THE atmosphere, say police sources, was “toxic”. Edinburgh’s two big football teams clashed on Wednesday night. So too did some of their fans.
Two hours after the final whistle at Tynecastle, where Hearts was hosting Hibernian, supporters of both clubs met again. Pre-arranged, to fight.
Bernie Higgins has seen all of this before. One of Scotland’s assistant chief constable, he has 30 years service, starting in Glasgowin the bad old days of the 1980s. Is football hooliganism back? “I don’t think it has ever gone away,” he says.
Mr Higgins is not pressing the panic button after a run of nasty games and organised violence between what police now call “risk supporters” rather than “hooligans” or “casuals”.
“Last year there were around a thousand games and five million people attended and we arrested about 300,” he explains. “Football is now safer than it has ever been and frankly is unrecognisable compared with 30 years ago.”
But there is a “but”. “That said,” Mr Higgins adds, choosing his words carefully, “there is this small minority which is intent on causing disorder and seeking outing rival fans to engage in acts of violence. This small minority is having a big impact.”
It is the same everywhere. Across Europe, footballing authorities have two concerns: ultras and pyros.
The first are groups of fans some of whom slip in to violence. The second are the flares and smokebombs which, once seen only on the continent, are appearing in the UK.
Ultras and pyros, Mr Higgins stresses, are not mutually exclusive problems. Flares have police worried. They can burn at a 1000 degrees.
One pyro was thrown at a recent game. It landed in a fan’s hood. So clubs are having to train and equip their stewards as firefighters and brace themselves for the crowd control risks of supporters running from fire.
But what of “risk supporters”? How many are there. Mr Higgins will not be drawn on numbers. But he stresses the problem is far more extensive than just Rangers and Celtic, or Hearts and Hibs.
“We have got 42 senior clubs,” he explains. “Our intelligence tells us that at least 21 or 22 of these have got what you would call a recognised risk element. That is nothing new. That has been the same for a number of years.
“Some risk groups might have fewer than ten members. Others might have up to 150.”
This picture does not come from nowhere. Stories have appeared of police seeking paid informants – covert human intelligence sources – and monitoring phones.
Fans groups have complained. Law enforcement sources are unapologetic. Nobody would moan, they argue, if they were gathering intelligence on other violent criminals.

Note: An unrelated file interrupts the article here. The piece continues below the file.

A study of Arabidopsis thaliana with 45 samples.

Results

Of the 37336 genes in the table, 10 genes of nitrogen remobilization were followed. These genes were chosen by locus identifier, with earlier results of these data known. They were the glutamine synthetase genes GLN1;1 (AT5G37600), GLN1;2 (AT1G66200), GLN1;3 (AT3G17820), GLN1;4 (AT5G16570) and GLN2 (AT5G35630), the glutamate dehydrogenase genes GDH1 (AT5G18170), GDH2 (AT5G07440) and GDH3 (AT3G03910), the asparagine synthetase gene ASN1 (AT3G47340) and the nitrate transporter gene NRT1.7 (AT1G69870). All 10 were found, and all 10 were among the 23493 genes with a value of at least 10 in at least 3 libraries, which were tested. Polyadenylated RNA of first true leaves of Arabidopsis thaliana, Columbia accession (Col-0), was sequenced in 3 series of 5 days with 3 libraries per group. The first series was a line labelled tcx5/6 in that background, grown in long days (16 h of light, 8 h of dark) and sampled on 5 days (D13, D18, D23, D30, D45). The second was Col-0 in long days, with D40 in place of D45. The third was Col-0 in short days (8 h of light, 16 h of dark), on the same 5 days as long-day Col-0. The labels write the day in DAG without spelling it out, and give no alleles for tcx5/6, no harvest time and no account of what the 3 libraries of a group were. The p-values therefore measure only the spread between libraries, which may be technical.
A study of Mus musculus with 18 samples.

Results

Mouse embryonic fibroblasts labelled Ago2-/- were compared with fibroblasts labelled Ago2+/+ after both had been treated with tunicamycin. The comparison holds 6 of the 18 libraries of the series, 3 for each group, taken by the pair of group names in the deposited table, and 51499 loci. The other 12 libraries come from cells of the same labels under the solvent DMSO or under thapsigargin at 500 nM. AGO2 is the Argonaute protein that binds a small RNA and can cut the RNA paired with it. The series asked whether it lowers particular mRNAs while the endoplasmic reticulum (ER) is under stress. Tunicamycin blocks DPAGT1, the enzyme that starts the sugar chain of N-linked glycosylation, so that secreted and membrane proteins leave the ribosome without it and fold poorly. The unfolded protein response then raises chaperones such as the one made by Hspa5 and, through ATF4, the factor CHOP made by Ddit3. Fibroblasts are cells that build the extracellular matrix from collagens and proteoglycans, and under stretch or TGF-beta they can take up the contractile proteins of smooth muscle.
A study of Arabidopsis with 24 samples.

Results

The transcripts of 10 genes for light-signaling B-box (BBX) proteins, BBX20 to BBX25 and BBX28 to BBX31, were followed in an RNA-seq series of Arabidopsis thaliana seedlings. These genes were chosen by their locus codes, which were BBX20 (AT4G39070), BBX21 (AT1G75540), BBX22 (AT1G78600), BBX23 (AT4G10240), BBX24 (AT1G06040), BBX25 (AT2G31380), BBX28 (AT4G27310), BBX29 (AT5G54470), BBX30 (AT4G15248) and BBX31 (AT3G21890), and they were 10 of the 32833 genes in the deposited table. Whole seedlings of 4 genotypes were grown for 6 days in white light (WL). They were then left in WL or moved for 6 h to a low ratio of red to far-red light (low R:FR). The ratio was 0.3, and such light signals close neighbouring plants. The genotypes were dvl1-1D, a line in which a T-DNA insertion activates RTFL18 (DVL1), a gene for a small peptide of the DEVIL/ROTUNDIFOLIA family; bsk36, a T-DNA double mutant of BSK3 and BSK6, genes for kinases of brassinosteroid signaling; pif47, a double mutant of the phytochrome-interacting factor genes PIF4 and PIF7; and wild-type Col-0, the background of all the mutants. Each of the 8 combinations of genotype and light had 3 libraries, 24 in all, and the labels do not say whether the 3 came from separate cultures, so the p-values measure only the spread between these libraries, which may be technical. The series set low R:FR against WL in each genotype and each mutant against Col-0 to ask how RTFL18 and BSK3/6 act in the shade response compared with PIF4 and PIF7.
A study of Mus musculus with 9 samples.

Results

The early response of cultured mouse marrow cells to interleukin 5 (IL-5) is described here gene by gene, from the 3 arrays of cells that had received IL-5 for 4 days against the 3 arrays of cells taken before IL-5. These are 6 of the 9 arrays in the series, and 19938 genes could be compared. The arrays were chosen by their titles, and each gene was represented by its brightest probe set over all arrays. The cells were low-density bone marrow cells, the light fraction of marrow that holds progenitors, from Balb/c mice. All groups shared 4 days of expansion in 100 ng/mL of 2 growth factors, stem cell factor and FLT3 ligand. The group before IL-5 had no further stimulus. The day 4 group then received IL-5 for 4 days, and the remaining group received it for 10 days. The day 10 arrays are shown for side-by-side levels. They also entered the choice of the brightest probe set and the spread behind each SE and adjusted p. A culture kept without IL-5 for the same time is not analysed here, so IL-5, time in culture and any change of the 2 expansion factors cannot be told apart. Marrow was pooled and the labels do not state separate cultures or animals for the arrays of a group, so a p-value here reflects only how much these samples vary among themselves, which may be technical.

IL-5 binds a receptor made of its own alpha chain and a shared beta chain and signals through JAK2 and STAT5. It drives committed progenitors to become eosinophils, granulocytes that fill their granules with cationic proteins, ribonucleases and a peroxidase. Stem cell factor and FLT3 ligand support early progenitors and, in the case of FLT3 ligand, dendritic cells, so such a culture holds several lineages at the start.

What police know is helping to keep some of the violence controlled, even with complex foreign threats, sources say. Crucial is understanding that a “risk supporter” is not always a risk. It depends.
For example, Ayr United, now in the championship, has a small group called the Ragazzi. For decades some Ayr fans have had tensions with supporters of League One side Airdrie. In 2002 there was a full-scale pitch invasion. There have been clashes periodically every since. That does not mean that every fixture involving one of the two clubs is high risk.
Speaking more generally, Mr Higgins said. “We have had fans leave the ground at half time and meet in a car park a mile away. Two hours after the Hearts-Hibs game there was a pre-organised fight between the risk supporters.”
Social media, meanwhile, is both being used to generate tensions and amplify their consequences. Hooligans may not be what it was 30 years ago. But we are all seeing it on our phones like never before.
Is football hooliganism really creeping back? Or is it just more visible in an eco-system of tweets and fans’ forum rants? After all, football loyalties and sectarianism have long bled in to Scotland’s deeply polarised political cyberspace. It is no co-incidence that Irishman Neil Lennon, the Hibs manager, was targeted at Tynecastle. “Hang Neil Lennon” was daubed on an Edinburgh wall.
The Scottish Police Federation, the body representing the rank and file officers facing flares and fans’ fights, thinks there is something real happening. Their bosses at Police Scotland, such as Mr Higgins, are less forthright. But their preparations – their intelligence gathering and their detailed match-planning – suggests they are taking no chances.